An expert in quality management is forecasting a significant increase in components and machinery made locally after the Government’s $1.5bn investment into its Modern Manufacturing Strategy. The change will result in improved availability and safety of consumer goods in Australia.
The Federal Government made its investment available to two of the six priority manufacturing sectors, as of this month. Manufacturers can apply for a grant to help them strengthen their local supply chain, handle mass production, upskill employees, scale-up and improve competitiveness.
Saeid Nikdel is a quality management expert at SAI Global (saiassurance.com.au), which has helped hundreds of manufacturers in Australia manage their risk through standards, assurance, and training. He says: “Restrictions enforced across the world have resulted in a lack of availability, or delivery delays, of goods, due to parts and components held up in international supply chains. The slowing of production lines has led to a flow-on effect on Australians wanting to access goods. The problem has highlighted our manufacturing sector’s deepest vulnerability: its dependence on overseas markets for the supply of machinery, tools, parts, and product components. Most of the machinery that we bring into Australia comes from the US and Europe, while product components and parts mostly come from China.”
Saeid says that in the last 12 months, local manufacturers, assemblers, and distributors have faced delays almost twice as long as in 2019. “These have impacted their ability to produce local goods. Numerous manufacturers have also struggled to scale up operations to meet the increase in demand. It has been a wake-up call for our manufacturers, who now realise they must strengthen their supply chains. A number of our manufacturing clients have revealed to us they are now looking to produce their own product components in Australia. The growth and strengthening of Australia’s manufacturing sector is dependent on this happening and the Government investment is timely.”
Nearly nine in 10 Australians believe we should produce a higher proportion of essential products locally, and 82 percent think our infrastructure projects use Australian-made products whenever possible, even if it costs more.
While, most evidently, the growth in production and manufacturing on our shores will benefit our economy, consumers will also see a significant shift towards quality through supply chains, not just improved availability.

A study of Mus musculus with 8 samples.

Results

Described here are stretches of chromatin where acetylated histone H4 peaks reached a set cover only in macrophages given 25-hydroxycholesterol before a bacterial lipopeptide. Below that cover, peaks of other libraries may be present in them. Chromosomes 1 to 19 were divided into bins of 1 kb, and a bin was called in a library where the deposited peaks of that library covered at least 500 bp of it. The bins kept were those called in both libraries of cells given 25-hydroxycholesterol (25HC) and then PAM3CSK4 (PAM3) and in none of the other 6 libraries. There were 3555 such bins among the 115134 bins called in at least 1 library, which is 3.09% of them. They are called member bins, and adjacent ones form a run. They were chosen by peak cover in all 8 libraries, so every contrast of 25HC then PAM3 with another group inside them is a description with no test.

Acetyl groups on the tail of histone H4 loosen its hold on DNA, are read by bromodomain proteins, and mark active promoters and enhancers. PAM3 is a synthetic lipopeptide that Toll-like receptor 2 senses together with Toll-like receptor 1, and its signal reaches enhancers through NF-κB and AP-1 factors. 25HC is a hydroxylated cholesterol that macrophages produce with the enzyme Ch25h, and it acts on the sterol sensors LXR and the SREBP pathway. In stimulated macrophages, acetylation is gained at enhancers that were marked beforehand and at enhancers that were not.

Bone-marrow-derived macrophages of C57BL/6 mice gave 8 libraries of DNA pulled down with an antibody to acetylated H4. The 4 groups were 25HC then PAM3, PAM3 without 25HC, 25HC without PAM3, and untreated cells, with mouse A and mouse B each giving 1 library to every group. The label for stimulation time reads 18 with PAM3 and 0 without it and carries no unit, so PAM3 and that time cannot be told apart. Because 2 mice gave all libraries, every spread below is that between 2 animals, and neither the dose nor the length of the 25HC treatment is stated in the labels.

“We have higher standards and product statutory and regulatory requirements than other countries, benefitting the end-user with superior-quality products with safer design considerations. Safer products will result in minimal incident risks or product recalls increasing customer satisfaction. Our high safety legislation, codes of practice, and quality standards are the reasons why Australian-made products are so popular in international markets. As our manufacturers start to produce more locally, they can place a stronger focus on providing quality and safety products and services by certifying to Quality Management System ISO 9001 and OHS Management System ISO 45001,” Saeid says.
Saeid is optimistic that the $1.5 billion Government investment will improve its target markets of space, resources technology, critical minerals processing, food and beverage, medical products, recycling and clean energy, and defence sectors. “As demand for Australian suppliers increases, our local manufacturers will also need to boost their workforce and facilities to scale-up their operations. Right now, the manufacturing sector has a shortage of skilled machinery operators. The Government’s direct funding of the sector will not only result in new manufacturing areas but also an increase in skilled workers and manufacturing facilities.”